Image Copyright 2002 Arthur Morris/BIRDS AS ART
Verdin, Tucson, AZ
Canon EF 500mm f/4 L IS lens, 2X II TC, EOS 1v.
Fuji Provia F 100 pushed one stop (at EI 200)
Flash as main light. Background exposure set manually
at -1/3 stop; 1/60 sec. at f/11
Here, I used CF-4-3 to AF on the eye and recompose
An e-mail from Bulletin Subscriber
Donald Barker with my response:
know you cannot answer all inquires,
AM: That is correct, but I do
not mind answering fresh questions.
>but I really appreciate the
hints you give us.
AM: Thanks for your kind
specific question is generated by some of the recent very
close up (head shot) images, e.g.Brown
Pelican and Masked Booby. Due to the very limited depth of
field, I presume you focused manually to insure the eyes were
AM: That is
incorrect. Most times when doing head shots with the 2X TC
the bird's eye will be somewhere in the middle of the frame,
so I simply use AI Servo.
>How often do you focus
AM: Rarely, usually
when there is grass or twigs between myself and the subject.
>How often do you use focus
lock and recompose the image?
AM: I sometimes use One
Shot (which locks both focus and exposure), but more commonly
use CF-4-3 which gives me all the benefits of One-Shot and of
AI (artificial intelligence) Servo and allows full time manual
focus override and does not have the main disadvantage of One
Shot (you do not need to keep the shutter depressed. Do note
that CF-4-3 gives you real time exposure (vs "Exposure lock
>I know that you dealt with
some of this in your book, but I was interested in your recent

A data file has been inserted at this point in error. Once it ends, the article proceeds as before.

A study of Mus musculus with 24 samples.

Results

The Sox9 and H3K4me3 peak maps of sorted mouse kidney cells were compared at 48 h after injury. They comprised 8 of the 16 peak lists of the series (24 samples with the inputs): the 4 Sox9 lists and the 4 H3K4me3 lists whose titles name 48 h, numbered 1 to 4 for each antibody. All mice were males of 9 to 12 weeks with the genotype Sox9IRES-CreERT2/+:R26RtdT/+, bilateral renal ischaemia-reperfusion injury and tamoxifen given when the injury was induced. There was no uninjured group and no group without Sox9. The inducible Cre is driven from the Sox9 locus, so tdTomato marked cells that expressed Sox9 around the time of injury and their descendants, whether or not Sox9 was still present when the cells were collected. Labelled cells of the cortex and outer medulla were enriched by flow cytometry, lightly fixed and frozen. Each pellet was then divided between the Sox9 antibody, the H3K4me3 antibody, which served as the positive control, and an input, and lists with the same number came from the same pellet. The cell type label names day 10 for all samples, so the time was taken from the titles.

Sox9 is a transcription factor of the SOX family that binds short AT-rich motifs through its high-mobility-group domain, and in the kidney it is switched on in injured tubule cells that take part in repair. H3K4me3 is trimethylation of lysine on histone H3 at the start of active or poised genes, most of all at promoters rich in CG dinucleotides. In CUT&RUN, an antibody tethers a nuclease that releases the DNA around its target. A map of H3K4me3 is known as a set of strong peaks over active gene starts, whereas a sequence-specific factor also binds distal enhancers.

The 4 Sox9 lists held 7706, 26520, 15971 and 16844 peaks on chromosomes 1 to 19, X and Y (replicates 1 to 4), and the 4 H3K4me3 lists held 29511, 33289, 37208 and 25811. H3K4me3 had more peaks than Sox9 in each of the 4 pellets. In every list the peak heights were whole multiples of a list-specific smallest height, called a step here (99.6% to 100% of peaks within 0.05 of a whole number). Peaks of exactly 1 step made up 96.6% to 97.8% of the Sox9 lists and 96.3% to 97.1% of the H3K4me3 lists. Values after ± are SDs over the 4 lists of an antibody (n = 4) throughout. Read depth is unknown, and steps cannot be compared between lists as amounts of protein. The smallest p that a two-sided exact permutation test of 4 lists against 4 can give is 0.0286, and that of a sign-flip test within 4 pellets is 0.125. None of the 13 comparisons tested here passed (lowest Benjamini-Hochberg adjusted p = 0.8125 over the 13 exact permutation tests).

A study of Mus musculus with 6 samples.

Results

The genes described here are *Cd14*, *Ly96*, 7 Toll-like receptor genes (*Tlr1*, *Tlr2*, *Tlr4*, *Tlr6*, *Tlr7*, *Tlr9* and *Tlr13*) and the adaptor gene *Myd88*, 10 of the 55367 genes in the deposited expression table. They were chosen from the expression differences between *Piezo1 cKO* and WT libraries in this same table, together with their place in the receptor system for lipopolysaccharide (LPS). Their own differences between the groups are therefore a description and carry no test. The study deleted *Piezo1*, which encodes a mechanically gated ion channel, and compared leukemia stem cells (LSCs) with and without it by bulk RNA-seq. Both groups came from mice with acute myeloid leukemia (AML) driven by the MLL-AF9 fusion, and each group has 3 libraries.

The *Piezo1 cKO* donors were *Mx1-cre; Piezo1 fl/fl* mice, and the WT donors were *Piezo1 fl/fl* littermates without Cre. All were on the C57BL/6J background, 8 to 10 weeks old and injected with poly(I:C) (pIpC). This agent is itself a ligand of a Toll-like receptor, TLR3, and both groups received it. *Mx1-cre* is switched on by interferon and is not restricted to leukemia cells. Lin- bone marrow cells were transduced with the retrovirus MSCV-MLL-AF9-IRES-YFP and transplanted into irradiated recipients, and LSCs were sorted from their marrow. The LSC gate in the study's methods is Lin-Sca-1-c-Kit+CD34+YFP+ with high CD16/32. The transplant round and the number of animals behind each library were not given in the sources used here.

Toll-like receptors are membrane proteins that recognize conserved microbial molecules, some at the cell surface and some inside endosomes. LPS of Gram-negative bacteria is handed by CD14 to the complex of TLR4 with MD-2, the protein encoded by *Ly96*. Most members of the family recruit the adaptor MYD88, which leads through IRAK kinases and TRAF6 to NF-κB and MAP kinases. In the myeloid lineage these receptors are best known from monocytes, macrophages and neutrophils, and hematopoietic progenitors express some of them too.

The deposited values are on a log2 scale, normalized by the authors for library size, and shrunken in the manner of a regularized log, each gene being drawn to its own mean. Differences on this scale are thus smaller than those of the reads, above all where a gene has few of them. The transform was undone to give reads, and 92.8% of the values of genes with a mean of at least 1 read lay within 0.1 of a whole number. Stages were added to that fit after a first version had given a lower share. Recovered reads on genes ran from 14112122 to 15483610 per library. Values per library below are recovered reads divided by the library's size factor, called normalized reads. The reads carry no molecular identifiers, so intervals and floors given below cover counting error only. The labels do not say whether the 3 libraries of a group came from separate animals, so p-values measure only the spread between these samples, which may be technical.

practices and experiences.
AM: See my comments above.
>I may have developed
the bad habit of using AI servo focus too much.
AM: You need to resist the
temptation to use AI Servo if it forces you to become
a compositional slave to the technology.... In other words, if
the active sensor can hold sharp focus on a spot that gives
you the composition that you want, then you are fine using AI
Servo. If not, you need to choose one of the other options:
MF, CF-4-3, or One-Shot.
>I always want to be ready
follow the subject and be ready for that action shot or take
off/landing images of water fowl.
AM: This is where CF-4-3
shines.... The duck is floating there, and you simply touch
the star button to focus on the bird's eye. He stays in the
same spot, you make your images. He floats a bit closer,
refocus with the star button and continue. He begins to take
off, push and hold the star button
with your thumb and you have AI Servo at your command. (When
using CF-4-3, be sure to have AF set on AI Servo (not
>But I have also noticed
that AI servo mode sometimes has the lens continually hunting
AM: Yes, with 2X TCs, and
in low contrast and low light situations, this will happen
more often than not. When doing head shots, I try to start AF
on the bird's eye where there is generally more contrast.
Then I can pan slowly down to the booby's white neck, for
example, and still hold focus (with AI Servo...) In these
situations, I try to use f/11 when possible.